By Mayor Shelby Rognstad
This article is the third of a four-part series describing my goals and priorities as mayor of Sandpoint. Those are: 1) Engage the public to address community concerns 2) Improve the local economy 3) Sustain quality of life for Sandpoint residents 4) Keep Sandpoint affordable.
Priority #3: Sustain Quality of life
Normally when I speak of quality of life, I discuss the importance of improving access to resources and affordability, preserving and protecting water and air quality, maintaining Sandpoint’s world-class park system and supporting our abundance of recreational opportunities. Investing in these assets not only makes life better for those of us lucky enough to call Sandpoint home, but it attracts tourism, jobs and creates an exciting, prosperous future for Sandpoint from which we all benefit.
Currently, the city is undergoing a comprehensive plan revision along North Boyer Avenue. This sub-area review brings under consideration future use of the University of Idaho Boyer property and the areas surrounding it. This comprehensive plan review will culminate in a development request for proposal in the spring of 2018. This planning effort represents an extraordinary opportunity for us to address a number of my goals relating to quality of life: increase access to affordable housing, increase access to open space and waterways, conservation of natural flora and fauna, preservation of water quality, buildable commercial and industrial lands that support job growth and access to recreational opportunities.
All these goals can be achieved through collaboration, careful planning and creative use of the Boyer property. You are invited to share your thoughts at the Planning and Zoning Commission public hearing on November 14 at 5:30 p.m. in the Council Chambers.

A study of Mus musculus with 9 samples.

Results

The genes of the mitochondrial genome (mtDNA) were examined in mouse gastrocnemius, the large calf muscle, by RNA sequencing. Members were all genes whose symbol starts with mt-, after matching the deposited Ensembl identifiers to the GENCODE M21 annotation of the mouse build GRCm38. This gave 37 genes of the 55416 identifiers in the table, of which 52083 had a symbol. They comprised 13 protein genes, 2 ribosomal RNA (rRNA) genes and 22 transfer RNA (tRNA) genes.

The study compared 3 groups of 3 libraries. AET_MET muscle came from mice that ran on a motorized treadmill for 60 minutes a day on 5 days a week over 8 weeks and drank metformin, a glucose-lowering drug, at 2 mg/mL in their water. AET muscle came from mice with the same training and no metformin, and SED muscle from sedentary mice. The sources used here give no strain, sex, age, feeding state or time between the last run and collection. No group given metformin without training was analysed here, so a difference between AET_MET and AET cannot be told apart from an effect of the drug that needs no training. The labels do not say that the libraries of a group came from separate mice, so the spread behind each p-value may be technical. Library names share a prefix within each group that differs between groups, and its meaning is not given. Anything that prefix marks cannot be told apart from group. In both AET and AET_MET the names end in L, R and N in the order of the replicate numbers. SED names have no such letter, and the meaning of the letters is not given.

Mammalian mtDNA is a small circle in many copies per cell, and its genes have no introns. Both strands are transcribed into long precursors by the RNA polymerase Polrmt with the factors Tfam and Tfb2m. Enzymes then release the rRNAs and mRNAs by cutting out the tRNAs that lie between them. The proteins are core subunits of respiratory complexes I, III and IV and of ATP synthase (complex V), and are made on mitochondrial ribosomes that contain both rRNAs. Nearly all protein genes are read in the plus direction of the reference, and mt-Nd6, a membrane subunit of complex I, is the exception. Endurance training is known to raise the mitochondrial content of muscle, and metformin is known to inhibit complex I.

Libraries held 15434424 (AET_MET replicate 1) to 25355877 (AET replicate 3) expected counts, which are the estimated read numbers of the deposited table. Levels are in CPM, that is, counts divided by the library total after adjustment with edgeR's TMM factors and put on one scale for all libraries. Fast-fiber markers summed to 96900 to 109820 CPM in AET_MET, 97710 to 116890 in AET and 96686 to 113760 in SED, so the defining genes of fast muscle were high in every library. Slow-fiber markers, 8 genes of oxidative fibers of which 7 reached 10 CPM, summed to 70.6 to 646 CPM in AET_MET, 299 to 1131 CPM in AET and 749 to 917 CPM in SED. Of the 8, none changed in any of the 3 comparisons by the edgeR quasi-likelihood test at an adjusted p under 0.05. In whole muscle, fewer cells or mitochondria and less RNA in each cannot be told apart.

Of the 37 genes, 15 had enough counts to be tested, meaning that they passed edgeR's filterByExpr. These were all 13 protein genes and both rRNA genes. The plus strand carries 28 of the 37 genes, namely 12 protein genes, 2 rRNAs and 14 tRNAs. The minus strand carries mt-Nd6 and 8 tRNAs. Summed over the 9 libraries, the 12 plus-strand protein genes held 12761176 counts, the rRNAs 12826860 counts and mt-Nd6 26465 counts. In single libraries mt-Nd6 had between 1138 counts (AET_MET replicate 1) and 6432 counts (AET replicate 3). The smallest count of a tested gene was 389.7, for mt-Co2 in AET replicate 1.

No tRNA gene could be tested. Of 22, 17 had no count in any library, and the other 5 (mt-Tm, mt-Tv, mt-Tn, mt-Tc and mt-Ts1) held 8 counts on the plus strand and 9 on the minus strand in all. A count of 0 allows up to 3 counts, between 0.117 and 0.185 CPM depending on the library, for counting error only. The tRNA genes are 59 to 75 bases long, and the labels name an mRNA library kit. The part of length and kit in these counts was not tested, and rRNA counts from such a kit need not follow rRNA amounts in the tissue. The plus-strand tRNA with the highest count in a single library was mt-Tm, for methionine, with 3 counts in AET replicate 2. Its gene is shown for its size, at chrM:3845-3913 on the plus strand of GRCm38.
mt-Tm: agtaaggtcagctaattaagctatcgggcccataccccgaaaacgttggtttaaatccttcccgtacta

The city is also developing a conceptual design for the Farmin’s Landing property along Sand Creek between the Panida and Bridge Street. Our aim is to restore the eroding stream bank, capture and filter downtown storm water, provide safe multimodal access from the bike path to the pedestrian bridge and improve public space and access along the waterfront, beautify this “front porch” of our downtown and improve auto access to parking facilities while maintaining public parking. Completion of the plan, and this project in particular, will improve the look and feel of downtown, transportation safety, water quality, access to waterfront and recreation and it will make downtown even more attractive to business and tourism.
Another quality of life asset that may often be taken for granted is safety. Over the last six months, a mass flyer and email campaign has challenged the identity of this community as a tolerant, welcoming community. Fake flyers perpetrated by a few rogue haters have threatened people of color, Jews, local journalists and human rights leaders.
The fake flyers challenge the very identity of our community as a safe place to live, raise a family, visit and recreate. Numerous fake flyers, falsely claiming to be from me, were mailed to businesses and homes in Sandpoint.
Let me state once again, and for the sake of clarity, that I have NOT sent any flyers to anyone. These fake flyers use inflammatory language intended to incite fear, anger and division in our community. Please report anyone you see distributing these fake flyers to the police immediately.
I am proud of our community. Sandpoint residents have responded to the fake flyers with resilience by coming together to denounce the hateful messaging. Together we reaffirm our values of inclusion and our commitment to public safety. Sustaining quality of life requires that everyone feel safe and included in their community and that we respect each other for our differences. I remain vigilant with you, my fellow citizens, to ensure that we settle for nothing less than quality of life for everyone.
This series is in preparation for a new “Lunch With The Mayor” informal meeting to be held on the last Thursday of the month beginning Oct. 26, from 12-1 p.m. at the Cedar Street Bistro in the Cedar Street Bridge.